Tony Fontana <firstname.lastname@example.org> and Determined Copy Editor
Wilson Benge is listed in studio records as "Butler", but he did not appear in the released movie. See more »
Standing on deck, Fay is trying, unsuccessfully to light the cigarette in her holder with a lighter. she is seen by Nigel Bruce, who lights it for her. Later, when offered a cigarette by Lord Dilling, she states, "....you know I don't smoke." Since the characters have speculated about her, wouldn't Lord Dilling know that his friend lit her cigarette aboard ship? See more »
There is a lot of criticism, mostly negative, on this board about this film, which I can't understand. I have never seen the original film version with Norma Shearer, but it appears not to be bowdlerized like this one. But bowdlerized or not, this is a very good film.
It has a first rate cast led by Crawford (who was capable of comedy but opted for dramatic intense roles like Mildred Pierce). As the role calls for her to be compromised by her actions (she has masqueraded as a socialite to be accepted by the jaded aristocrats in order to pull off a jewel robbery) the role is not a slap happy funny part like say Rosalind Russell's Hildy Johnson, but a tonier style of sophisticated comedy. As such it is perfectly fitted to Crawford's screen persona.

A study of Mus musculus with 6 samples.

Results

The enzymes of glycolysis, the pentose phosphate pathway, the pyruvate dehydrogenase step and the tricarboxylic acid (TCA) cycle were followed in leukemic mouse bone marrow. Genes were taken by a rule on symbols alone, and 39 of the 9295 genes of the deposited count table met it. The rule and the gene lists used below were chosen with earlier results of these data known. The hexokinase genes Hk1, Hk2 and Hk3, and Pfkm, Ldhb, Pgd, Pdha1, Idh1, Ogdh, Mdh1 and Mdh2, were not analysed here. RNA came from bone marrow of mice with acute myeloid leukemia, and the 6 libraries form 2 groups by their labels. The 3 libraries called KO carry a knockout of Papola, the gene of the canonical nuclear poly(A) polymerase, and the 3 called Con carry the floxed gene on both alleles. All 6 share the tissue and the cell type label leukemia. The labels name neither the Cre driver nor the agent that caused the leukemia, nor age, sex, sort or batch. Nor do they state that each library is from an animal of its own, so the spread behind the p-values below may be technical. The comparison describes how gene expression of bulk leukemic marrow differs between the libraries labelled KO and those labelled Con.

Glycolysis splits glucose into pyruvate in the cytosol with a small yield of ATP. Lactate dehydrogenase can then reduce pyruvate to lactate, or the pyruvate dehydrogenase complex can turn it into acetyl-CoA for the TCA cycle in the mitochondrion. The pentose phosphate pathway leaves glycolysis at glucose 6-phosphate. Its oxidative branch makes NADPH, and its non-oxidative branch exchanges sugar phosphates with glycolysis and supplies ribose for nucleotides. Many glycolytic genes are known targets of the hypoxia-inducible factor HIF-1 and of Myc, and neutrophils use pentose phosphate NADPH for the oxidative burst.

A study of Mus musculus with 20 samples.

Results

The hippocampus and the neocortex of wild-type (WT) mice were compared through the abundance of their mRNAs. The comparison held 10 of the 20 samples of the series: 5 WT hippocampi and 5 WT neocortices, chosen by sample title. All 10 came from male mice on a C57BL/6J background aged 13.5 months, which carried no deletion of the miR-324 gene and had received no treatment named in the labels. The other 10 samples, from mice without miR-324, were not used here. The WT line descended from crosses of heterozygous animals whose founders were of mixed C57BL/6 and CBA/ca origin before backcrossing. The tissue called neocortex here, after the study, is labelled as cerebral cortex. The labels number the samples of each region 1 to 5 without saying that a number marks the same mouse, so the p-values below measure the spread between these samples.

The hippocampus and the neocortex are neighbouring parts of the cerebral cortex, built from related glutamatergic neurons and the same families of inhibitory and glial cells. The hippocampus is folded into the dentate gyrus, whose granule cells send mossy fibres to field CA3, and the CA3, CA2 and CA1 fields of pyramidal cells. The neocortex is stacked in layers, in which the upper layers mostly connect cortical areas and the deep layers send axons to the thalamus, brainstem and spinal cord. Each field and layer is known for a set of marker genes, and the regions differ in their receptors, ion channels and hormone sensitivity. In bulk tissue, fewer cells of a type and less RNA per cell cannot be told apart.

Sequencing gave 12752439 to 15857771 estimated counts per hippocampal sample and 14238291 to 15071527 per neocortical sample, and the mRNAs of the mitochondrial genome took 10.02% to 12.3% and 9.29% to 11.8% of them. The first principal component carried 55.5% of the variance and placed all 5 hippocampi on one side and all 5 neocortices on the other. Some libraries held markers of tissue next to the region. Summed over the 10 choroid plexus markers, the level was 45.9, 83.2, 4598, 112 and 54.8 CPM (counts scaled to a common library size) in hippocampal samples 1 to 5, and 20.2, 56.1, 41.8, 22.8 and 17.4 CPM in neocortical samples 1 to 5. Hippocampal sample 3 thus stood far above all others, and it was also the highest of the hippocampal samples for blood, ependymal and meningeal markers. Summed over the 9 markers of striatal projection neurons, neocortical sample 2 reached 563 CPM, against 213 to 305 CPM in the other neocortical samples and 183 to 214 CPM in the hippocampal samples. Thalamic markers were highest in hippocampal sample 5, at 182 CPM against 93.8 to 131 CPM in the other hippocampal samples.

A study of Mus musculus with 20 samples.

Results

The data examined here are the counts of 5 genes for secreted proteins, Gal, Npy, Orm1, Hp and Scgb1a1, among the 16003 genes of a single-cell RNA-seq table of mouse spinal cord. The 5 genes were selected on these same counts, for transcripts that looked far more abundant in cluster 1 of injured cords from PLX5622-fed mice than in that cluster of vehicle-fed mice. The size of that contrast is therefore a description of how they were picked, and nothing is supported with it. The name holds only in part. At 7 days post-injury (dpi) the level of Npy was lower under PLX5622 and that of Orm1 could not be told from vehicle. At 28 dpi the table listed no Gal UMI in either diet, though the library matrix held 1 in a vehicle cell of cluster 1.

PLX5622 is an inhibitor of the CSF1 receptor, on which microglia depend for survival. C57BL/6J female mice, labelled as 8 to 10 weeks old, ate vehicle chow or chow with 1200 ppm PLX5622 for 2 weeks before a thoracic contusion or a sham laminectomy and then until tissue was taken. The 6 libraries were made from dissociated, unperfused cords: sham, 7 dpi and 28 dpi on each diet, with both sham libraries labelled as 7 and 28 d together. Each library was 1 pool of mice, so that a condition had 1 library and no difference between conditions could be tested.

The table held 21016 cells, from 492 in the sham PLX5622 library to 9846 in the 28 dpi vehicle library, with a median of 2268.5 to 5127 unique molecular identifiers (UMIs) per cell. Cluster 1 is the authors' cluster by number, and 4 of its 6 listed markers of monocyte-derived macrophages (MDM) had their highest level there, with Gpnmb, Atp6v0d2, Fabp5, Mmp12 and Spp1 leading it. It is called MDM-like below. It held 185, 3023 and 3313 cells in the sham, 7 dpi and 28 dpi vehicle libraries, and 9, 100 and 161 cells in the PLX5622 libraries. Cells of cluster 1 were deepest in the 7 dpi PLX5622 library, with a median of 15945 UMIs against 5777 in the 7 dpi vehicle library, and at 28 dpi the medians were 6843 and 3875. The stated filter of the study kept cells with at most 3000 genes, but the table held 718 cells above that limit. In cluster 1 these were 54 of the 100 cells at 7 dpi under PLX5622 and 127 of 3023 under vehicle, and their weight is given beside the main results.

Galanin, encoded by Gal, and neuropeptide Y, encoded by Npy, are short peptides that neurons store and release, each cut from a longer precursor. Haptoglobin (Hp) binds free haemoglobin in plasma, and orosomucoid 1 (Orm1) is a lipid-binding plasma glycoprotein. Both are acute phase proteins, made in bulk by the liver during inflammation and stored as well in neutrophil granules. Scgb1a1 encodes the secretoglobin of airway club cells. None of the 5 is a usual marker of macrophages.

As for the jaded aristocrats: Frank Morgan may not do a British accent at all, but his fumbling is pretty good here - he is the richest man in England, and could give an intelligent talk on industrial output or tariffs, but cannot open up his heart to Crawford; Nigel Bruce is another nobleman, who has a randy set of eyes for pretty ladies, and cannot see his wife (Benita Hume) is far too close to her "cousin" (Ralph Forbes). The splendid Jessie Ralph is an aging dowager who befriends Crawford (it is her pearl necklace that Crawford is seeking to steal). She is a lively and likable old lady, and one with a scandalous past (as we eventually learn). But if none of the aristocrats are spotless in character (except possibly the boring Morgan), the other members of the gang are not wonderful. Melville Cooper (pretending to be Crawford's chauffeur) is constantly ready to whip out his handy knife and cut the throat of anyone he thinks is double crossing them.
But the most interesting thing about the casting were the two leading men: Robert Montgomery and William Powell. The two most sophisticated and suave leading men of the golden age of movies only appeared in this one film together. They share only four scenes, but it is remarkable about how smooth the scenes are - like a perfect set of volleyball games with no shots and counter shots missed by either party (and when Crawford joins them she is equally smooth in responding to both her leading men). She had made other films with Montgomery but there were no others after this one. As for Powell, this was there only film together. As such it should be seen for the bright chemistry between the three leads alone, but it is a good comedy on its own.